The day my daughter told me she didn’t like brown skin


My daughter’s recognition - and dislike - of her difference at such a young age shows that lack of exposure to diversity ...

My daughter’s recognition - and dislike - of her difference at such a young age shows that lack of exposure to diversity has an impact, writes Rachel Hennessy. Photo: Stocksy

It shouldn't have come as a shock. For the last six months, my four-year-old daughter has been obsessed with the Disney movie, Frozen, which focuses on a white blonde haired Snow Queen, whose over-sized blue eyes swamp her miniscule, pointy nose. Despite living in multicultural Brunswick, her mother's group friends are white-skinned and blonde and her childcare seems to be dominated by children of the same complexion (no fault of theirs, of course).

But she is a mix of Turkish, Aboriginal and Irish (not that there should be a 'but' here). Her hair is brown, her eyes are brown and her skin, particularly after her first real summer visiting the beach (albeit with plenty of sunscreen), is most definitely brown.

This morning, as I placed her in the car to head to childcare, I noted how grotty the cream tights she insisted on wearing were.

Rachel's daughters, aged one-and-a-half and four.

Rachel's daughters, aged one-and-a-half and four.

It was going to be hot today, I explained, she didn't really need to have them on.


She did not use the word 'my', as if the offending object was, somehow, not attached to her.

I grew up in middle-class suburban Canberra where myself and the little girl from India were the only children of a dark complexion.

The most frequent taunt I got was to be called an 'Abo' which, although I didn't know it at the time, I should have taken on as a badge of honour. I still remember my fair-skinned sister calling out to one of the teasers: "Well, at least she's not a snowman like you!"

(My mother, whose skin tone I have inherited, recalls being called a 'Red Indian', the progression of childhood ostracism moving along through the years.)

One of my strongest memories is of wishing to be white, of literally rubbing at my skin, trying to remove the offending 'stains'.

Small-town teasing does not compare to the inherent racism experienced by so many in this country, but it does signal the continued privilege of those who are visibly white.

And my daughter's recognition of her difference at such a young age, accompanied by an already dawning dislike of that difference, shows that continuing lack of exposure to diversity, at ground level, has an impact.

While the hilarity of last year's 'brown face' stuff-up – when a photo of Nazeem Hussain was mistakenly published in The Age, instead of Waleed Aly – can't be denied, it did highlight the continued token inhabitation of non-white faces on popular television. Looking at the publicity photo for the show at the centre of the moment, Channel 10's The Project, you can't help but notice the central figure, Carrie Bickmore, is a stunning blonde and the counterweight to Waleed's 'otherness' is the 'typical' Aussie, Peter Helliar.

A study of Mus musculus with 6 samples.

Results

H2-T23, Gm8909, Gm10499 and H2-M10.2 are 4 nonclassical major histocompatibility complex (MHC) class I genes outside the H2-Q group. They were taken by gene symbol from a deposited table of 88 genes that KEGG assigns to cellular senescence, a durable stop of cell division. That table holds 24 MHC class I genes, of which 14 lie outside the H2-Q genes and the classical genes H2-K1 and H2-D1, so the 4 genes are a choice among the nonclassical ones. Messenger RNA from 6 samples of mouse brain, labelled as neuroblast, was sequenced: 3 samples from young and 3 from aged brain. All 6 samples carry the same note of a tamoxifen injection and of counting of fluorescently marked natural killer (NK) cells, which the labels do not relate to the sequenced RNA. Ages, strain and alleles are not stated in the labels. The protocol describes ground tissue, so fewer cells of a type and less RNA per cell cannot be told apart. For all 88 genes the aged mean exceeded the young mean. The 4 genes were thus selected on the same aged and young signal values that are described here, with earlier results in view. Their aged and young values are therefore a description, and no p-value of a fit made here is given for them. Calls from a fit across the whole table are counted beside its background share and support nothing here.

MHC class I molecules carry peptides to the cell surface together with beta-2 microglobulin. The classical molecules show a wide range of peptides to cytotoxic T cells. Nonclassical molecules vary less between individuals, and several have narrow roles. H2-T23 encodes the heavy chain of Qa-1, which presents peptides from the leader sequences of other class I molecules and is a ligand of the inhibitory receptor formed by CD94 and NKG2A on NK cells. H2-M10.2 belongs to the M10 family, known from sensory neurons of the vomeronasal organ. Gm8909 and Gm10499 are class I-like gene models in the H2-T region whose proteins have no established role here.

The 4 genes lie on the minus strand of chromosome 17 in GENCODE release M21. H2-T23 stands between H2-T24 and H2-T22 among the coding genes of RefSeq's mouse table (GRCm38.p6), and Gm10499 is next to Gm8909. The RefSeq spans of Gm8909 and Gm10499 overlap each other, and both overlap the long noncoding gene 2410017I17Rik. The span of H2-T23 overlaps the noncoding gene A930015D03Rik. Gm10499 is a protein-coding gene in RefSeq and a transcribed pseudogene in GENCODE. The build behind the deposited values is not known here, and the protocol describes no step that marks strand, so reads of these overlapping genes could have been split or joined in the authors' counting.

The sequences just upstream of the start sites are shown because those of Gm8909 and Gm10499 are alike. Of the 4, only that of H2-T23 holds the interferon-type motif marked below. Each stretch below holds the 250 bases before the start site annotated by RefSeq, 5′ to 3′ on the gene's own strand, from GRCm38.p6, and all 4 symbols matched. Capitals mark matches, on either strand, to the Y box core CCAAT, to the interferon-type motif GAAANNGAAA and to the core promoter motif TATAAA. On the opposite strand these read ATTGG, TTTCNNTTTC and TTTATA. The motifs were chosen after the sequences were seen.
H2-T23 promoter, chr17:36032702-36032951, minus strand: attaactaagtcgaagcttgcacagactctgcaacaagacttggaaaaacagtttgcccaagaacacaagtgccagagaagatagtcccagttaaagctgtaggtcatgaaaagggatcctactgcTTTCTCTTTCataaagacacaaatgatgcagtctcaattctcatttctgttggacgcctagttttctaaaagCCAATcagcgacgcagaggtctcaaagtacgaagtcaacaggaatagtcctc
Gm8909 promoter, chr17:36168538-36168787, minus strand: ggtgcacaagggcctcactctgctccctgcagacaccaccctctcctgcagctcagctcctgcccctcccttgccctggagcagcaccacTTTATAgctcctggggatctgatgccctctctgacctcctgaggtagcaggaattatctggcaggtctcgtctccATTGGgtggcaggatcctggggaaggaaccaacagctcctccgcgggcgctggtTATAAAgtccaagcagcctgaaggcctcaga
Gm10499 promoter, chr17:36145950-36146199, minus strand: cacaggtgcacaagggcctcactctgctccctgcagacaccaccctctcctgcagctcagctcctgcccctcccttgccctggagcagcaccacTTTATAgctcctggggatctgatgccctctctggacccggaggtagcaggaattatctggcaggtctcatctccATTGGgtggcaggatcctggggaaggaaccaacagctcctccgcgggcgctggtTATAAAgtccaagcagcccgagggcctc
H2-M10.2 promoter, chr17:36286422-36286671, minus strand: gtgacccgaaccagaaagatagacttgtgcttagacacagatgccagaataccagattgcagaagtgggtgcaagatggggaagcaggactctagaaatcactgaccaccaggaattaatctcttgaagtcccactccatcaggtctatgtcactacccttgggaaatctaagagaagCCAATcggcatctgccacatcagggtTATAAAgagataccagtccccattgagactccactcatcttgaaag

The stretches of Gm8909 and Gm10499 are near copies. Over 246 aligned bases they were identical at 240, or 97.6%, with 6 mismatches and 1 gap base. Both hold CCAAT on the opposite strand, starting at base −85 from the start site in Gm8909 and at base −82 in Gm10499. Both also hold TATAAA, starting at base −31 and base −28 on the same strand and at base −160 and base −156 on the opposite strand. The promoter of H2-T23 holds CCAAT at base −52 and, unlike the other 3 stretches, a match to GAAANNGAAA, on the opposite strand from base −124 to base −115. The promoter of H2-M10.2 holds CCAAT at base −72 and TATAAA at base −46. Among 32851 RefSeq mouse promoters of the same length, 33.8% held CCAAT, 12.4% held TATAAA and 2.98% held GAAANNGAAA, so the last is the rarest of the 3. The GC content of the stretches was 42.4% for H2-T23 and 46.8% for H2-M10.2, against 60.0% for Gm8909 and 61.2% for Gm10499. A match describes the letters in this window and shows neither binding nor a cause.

Yes, lamenting the lack of diverse faces on Australian television is, perhaps, a well-worn subject but change only comes if the problem is acknowledged, again and again and again.

Mind you, my daughter has no exposure to commercial television, so her aversion to her own skin must stem from other sources.

It is tempting to blame Disney. The popularity of Elsa in Frozen cannot be underestimated. Yet the stable of Disney princesses now contains a range of ethnicities: Mulan, Pocahontas, Jasmine and Tiana are all princesses of dark skin (although a recent graph created from an eBay report showed the whiter and blonder the princess, the better the sales), and the studio can't really be blamed for the success of its latest film. Its appeal to young girls is undeniable, and I happen to like the feistier aspects of both the Elsa and Anna characters.

So Frozen cannot be solely at fault.

What then? Perhaps one of the most frustrating aspects of being a mother is knowing how much one's peers come to shape your perception.

Living in the inner city, I had hoped my daughter would be exposed to a range of cultures and colours, but I've recently come to the realisation that the world of mothers' groups and preschool is still dominated by those from the mainstream.

According to the Australian Bureau of Statistics, in 2008 (the last time a survey was done), of those children who spoke English at home, 73% attended preschool or a preschool program, compared with 60% of children who spoke a language other than English at home and only 37% of Aboriginal and Torres Strait Islander children aged 3–5 years. For a myriad of reasons, those from 'other' cultures don't appear to participate in institutionalised care to the same degree. At school, I can only hope diversity will become apparent again.

In the meantime, the importance of the first five years of a child's life is constantly highlighted by the maternal health care industry, often with an emphasis on fine motor skills and emotional and social well-being. Very little is said of self-perception or cultural knowledge. Yet this seems to be the time when children are becoming highly aware of who they are, especially in relation to those around them.

"But if you don't like brown skin," I said to my daughter. "You don't like my skin or your sister's skin, or your daddy's skin." She looked suitably chastened.

When global events reflect a disturbing intolerance of difference, it is up to parents to constantly ensure young children know the world is not just white and to counteract early the possible seeds of racism, not to mention self-loathing.